Posted date: October 06, 2015
Publication Year: 
2015
Authors: Chhabra, Tarun.
Publication Series: 
Proceedings (P)
Source: In: Watson, Alan; Carver, Stephen; Krenova, Zdenka; McBride, Brooke, comps. Science and stewardship to protect and sustain wilderness values: Tenth World Wilderness Congress symposium; 2013, 4-10 October, Salamanca, Spain. Proceedings RMRS-P-74. Fort Collins, CO: U.S. Department of Agriculture, Forest Service, Rocky Mountain Research Station. p. 176-181.
Note: This article is part of a larger document.

Abstract

Abstract-The Todas worship scores of hilltops where they believe their principal deities or clan-specific local gods reside. It is thus considered sacrilege even to point towards such a deity peak with one's finger. It is also no coincidence at all that the area in and around the Toda sacred-landscape, where their major hill deities are believed to reside, has come to constitute in recent times, the core of the Nilgiri Biosphere Reserve. This is the very first biosphere reserve in all of India (1986). There is now an urgent need to have this region inscribed as a World Heritage site.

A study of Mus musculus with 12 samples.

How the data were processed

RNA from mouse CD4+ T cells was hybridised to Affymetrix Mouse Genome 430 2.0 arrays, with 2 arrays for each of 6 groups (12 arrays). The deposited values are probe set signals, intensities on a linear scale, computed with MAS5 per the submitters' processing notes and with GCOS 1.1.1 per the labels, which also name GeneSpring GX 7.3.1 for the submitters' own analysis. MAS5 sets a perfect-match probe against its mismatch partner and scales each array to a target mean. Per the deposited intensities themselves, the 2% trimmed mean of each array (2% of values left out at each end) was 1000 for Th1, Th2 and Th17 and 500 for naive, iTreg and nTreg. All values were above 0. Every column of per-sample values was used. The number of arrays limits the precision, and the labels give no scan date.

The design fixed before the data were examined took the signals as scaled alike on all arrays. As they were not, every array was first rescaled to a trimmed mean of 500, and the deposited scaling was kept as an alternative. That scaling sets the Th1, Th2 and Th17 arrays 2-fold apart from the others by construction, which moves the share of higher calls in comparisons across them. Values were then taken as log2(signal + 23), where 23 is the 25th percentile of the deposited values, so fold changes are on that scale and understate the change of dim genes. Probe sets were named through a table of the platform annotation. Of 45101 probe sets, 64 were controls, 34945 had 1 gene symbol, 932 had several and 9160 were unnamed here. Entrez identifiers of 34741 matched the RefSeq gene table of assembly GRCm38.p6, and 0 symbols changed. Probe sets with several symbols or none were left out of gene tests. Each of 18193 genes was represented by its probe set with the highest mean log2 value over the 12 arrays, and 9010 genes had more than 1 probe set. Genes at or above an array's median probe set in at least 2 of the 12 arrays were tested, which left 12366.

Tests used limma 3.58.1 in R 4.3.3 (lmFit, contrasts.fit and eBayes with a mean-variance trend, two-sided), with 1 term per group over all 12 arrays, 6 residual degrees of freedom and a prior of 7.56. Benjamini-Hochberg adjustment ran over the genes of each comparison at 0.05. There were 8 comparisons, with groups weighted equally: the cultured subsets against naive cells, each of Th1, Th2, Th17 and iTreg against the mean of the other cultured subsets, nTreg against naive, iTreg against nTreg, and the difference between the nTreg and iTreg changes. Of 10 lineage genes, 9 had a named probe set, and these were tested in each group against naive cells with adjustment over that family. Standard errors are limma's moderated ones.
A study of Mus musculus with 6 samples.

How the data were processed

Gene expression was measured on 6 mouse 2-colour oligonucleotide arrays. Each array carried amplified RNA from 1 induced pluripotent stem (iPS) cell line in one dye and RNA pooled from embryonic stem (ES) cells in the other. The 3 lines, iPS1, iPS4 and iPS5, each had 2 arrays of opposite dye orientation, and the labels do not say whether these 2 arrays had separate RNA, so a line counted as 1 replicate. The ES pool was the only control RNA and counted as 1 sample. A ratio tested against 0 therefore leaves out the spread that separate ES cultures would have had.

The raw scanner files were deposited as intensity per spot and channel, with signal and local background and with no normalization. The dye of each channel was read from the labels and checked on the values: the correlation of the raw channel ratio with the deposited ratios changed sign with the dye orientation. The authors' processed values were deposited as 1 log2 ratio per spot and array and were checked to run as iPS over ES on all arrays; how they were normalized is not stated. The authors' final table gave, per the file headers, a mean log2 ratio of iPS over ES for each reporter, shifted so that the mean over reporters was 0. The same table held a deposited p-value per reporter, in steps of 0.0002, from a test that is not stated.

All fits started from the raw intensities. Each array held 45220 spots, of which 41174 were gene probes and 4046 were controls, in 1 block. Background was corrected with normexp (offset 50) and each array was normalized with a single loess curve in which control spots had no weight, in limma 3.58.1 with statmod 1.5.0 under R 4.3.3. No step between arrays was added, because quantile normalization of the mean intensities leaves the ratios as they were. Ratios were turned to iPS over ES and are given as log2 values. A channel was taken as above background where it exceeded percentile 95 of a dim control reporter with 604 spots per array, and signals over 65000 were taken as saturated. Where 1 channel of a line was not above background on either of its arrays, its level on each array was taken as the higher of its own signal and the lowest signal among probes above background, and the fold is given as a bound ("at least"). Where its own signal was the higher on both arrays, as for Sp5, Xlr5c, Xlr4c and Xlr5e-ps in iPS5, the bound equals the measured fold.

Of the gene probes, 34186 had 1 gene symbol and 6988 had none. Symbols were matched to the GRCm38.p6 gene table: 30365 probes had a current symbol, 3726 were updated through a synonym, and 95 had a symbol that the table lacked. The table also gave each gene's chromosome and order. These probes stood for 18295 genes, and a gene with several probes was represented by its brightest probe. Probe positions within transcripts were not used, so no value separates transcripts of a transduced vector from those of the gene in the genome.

Citation

Chhabra, Tarun. 2015. Sacred hills of the Toda people of South India: A plea for world heritage status. In: Watson, Alan; Carver, Stephen; Krenova, Zdenka; McBride, Brooke, comps. Science and stewardship to protect and sustain wilderness values: Tenth World Wilderness Congress symposium; 2013, 4-10 October, Salamanca, Spain. Proceedings RMRS-P-74. Fort Collins, CO: U.S. Department of Agriculture, Forest Service, Rocky Mountain Research Station. p. 176-181.